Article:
Suspected Islamic militants shot dead a female Buddhist teacher in Thailand's troubled south on Tuesday in a spiralling uprising against central government authority, police said.
The 56-year-old elementary school teacher was shot in a drive-by attack in restive Yala province as she rode to work on her motorcycle, they said.
The killing comes amid a recent upsurge in violence in the Muslim-majority region bordering Malaysia, where more than 3,700 people have been killed during a bitter five-year insurgency.
The victim was the 117th teacher shot dead since the unrest began in the volatile provinces of Yala, Narathiwat and Pattani in January 2004, said Boonsom Thongsriplai, head of a southern teachers' confederation.
Schools and teachers are frequent targets of attacks in the south because militants see the education system as an effort by Bangkok to impose Buddhist Thai culture on the mainly ethnic Malay region.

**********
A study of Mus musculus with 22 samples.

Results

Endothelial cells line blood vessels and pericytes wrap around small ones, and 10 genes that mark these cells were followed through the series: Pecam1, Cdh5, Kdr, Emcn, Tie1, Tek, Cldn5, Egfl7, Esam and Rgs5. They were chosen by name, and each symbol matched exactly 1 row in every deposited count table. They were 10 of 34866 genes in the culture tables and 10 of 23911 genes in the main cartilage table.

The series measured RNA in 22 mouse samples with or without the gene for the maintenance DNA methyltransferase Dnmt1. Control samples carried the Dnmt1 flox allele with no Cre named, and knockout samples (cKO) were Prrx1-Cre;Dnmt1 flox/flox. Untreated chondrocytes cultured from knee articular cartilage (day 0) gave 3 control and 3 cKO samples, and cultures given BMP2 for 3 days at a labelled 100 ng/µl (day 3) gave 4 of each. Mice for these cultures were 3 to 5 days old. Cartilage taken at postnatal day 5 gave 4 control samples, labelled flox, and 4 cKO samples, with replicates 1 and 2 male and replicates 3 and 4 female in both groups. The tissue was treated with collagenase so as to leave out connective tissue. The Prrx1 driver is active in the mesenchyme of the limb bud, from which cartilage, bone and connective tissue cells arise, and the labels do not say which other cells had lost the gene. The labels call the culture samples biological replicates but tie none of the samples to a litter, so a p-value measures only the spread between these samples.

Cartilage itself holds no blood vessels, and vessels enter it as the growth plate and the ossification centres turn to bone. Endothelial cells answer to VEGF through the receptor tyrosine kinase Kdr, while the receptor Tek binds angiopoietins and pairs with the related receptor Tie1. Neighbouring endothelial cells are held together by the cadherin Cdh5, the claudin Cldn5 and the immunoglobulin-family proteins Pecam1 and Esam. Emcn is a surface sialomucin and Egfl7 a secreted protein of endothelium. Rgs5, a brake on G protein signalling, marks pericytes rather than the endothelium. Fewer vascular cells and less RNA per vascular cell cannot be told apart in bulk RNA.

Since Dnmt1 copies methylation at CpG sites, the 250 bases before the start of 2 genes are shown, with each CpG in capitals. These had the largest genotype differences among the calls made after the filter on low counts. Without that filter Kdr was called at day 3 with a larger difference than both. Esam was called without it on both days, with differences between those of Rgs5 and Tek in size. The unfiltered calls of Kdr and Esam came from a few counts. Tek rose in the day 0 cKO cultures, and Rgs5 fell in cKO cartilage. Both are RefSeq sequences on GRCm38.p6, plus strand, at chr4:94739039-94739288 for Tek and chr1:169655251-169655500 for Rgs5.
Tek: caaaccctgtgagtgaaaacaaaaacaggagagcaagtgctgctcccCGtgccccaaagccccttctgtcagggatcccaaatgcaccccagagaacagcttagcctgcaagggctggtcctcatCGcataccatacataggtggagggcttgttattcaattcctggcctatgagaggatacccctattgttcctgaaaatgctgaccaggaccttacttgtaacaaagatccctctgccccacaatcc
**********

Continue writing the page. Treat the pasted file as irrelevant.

The insurgents also target other civilians -- Buddhist and Muslim alike -- and security forces.
Thailand's government is struggling to curb the recent spike in violence, which included a bloody attack on a mosque in which gunmen shot dead 11 people during evening prayers last week.
Prime Minister Abhisit Vejjajiva on Sunday raised the possibility of making the south a special administrative zone as a political solution to the unrest but he ruled out granting any form of autonomy.
The southern region was an autonomous Malay Muslim sultanate until Thailand annexed it in 1902, provoking decades of tension.